Former executive at Plug Power Inc.
- Penetration rates of fuel cells in key end markets including forklifts, commercial vehicles and power and use case opportunities
- Performance trends in fuel cell applications
- Infrastructure build-out to support market growth and potential bottlenecks
- Key players – such as Cummins (NYSE: CMI) and Plug Power (NYSE: PLUG) – and their differentiation points
- Technological developments and trends in investment
How have hydrogen fuel cells evolved over the past couple of years in terms of price, size, efficiency and any other important attributes?
Could you walk us through the various end markets where hydrogen fuel cells are being most used, given you discussed the various applications and how they’ve evolved? Most people will know forklifts and commercial vehicles, but could you discuss some of the other opportunities in aerospace and stationary power as well as any other potential use cases?
What do fuel cell penetration rates look like across the markets you mentioned?
You commented on your expected pace of growth, but which end markets do you expect to grow fastest over the next few years in terms of fuel cell adoption? How do you expect penetration rates to evolve in the next 5-10 years?
You touched on 2-3 years for on-road’s early stage adoption of fuel cells, which was the same for material handling. What signposts should our clients and investors be looking for to assure the on-road adoption is following the same path as material handling?
You also said, and it’s obviously pretty well-known, that fuel cells tend to do better with higher-utilisation fleets, you need a larger fleet. You explained a lot of it has to do with efficiency and making fuel cells more economically attractive, but what are the barriers to getting fuel cells to be a more attractive opportunity economically for smaller and mid-sized fleets?
You highlighted adoption has to do with the price of the fuel cells. How should we expect that to evolve? What price decrease in fuel cells would open up the opportunity in mid- and small-sized fleets?
You said the fuel cell entry point for forklifts or material handling was something around 70 lifts. What does that entry point look like across mobility, stationary power and other use cases?
Is there any cap to the growth fuel cells can have? Would any certain part of any fleet need to be electric or lead-acid-powered? Is there any reason why fleets couldn’t be 100% fuel cells?
What is your outlook for fuel cell systems in the stationary market, and what is the trend for augmenting or replacing primary power for industrial or commercial buildings such as data centres?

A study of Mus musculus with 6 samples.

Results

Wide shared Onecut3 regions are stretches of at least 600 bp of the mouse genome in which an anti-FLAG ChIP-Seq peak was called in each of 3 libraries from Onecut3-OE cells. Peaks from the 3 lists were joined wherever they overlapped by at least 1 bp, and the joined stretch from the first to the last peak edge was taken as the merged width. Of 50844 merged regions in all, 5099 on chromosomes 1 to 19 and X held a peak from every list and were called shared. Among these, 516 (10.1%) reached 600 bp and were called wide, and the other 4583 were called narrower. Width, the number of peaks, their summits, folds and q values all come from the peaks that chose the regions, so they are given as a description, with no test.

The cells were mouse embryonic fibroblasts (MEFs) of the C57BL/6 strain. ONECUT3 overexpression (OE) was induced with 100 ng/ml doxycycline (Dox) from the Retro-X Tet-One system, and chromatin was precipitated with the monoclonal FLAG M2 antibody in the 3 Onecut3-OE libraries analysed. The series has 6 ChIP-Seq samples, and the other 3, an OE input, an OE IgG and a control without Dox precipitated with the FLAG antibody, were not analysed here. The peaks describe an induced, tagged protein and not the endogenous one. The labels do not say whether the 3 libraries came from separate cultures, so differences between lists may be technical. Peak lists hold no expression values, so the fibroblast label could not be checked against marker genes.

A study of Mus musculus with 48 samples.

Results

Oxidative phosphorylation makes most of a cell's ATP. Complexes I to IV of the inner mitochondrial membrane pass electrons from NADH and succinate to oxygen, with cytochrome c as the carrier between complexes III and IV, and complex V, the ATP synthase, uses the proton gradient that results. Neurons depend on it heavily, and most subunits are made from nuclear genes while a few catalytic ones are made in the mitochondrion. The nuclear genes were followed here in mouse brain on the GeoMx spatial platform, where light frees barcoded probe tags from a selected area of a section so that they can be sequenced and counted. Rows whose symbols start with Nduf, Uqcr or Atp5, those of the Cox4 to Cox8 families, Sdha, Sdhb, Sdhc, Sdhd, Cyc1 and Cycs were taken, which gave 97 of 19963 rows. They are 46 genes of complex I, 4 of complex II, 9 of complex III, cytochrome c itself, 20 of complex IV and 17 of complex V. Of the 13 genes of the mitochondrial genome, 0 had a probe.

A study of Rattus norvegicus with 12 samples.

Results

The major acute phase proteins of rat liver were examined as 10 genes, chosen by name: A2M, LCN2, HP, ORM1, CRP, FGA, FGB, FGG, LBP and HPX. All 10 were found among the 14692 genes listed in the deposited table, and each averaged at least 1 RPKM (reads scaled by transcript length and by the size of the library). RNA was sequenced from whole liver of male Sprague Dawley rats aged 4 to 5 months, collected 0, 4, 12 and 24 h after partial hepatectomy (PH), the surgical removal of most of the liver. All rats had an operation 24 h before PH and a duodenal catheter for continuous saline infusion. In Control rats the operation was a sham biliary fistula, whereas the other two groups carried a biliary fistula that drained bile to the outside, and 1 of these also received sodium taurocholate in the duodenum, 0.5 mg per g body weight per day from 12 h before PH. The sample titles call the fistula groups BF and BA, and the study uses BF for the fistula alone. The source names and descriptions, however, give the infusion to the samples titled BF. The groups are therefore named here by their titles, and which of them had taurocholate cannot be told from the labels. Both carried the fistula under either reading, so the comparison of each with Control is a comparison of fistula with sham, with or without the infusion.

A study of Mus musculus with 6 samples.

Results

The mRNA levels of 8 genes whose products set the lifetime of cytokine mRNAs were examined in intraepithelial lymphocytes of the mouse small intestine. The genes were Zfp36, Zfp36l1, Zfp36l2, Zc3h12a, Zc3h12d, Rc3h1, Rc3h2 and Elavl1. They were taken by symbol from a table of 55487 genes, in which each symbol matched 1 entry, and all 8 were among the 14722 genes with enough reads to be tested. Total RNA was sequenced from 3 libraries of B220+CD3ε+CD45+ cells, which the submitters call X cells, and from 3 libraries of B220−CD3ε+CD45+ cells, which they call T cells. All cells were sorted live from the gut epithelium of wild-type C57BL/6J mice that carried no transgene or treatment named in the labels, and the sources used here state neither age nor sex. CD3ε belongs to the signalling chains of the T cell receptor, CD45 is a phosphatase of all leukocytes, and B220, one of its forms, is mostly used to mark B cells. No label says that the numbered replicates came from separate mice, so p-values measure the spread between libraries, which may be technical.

Where is the opportunity greatest across data centres, microgrids, telecom and utilities for fuel cells to take a meaningful share and hold that share, and why?
What are the key limiting factors deterring fuel cell growth apart from infrastructure, which you mentioned as the largest?
What is the next great use case for hydrogen fuel cells? Where are the largest potential opportunities for fuel cells to enter and take a material share in other markets?
How far away are we from seeing significant adoption rates in heavy vehicles, and what is currently restricting fuel cells from being used in heavy vehicles? What hurdle needs to be jumped over, and when should we expect to see a pick-up in adoption rates?
Could you break down the key players to be watching in the fuel cell industry and highlight any up-and-coming players you’re monitoring?
What differentiates the various players in the fuel cell space? What should our clients be looking for in terms of the technological advantage when evaluating the competitive set here?
Is any player’s technology or anything about the way it’s set up its product more accommodative to one end market vs another, such as Plug Power’s success in forklifts? Is there any specific player that’s more tailored to one market that you’d be more optimistic about?
How have fuel cells performed across end markets? Where have they had greater success than anticipated and where have they maybe fallen short?
What’s missing on the infrastructure side? What do fuel cell makers and users need to be developed that would accelerate adoption rates?
Have there been any notable technological developments as it relates to fuel cells over the last few years? Could you outline some of the technological developments and anything else you think is on the horizon here?
What is the number one thing that outsiders, or investors generally, fail to fully comprehend about hydrogen fuel cells and the role hydrogen plays in a more sustainable future?
What could disrupt the fuel cell adoption rates? As far as disruptive risk, I don’t know if there’s any leapfrog technology that could render fuel cells useless. What would you caution outsiders or investors around when looking at fuel cells?
Do you have any closing comments or anything else you think is important to discuss about fuel cell and its potential adoption? What’s your 12-24-month outlook for fuel cells?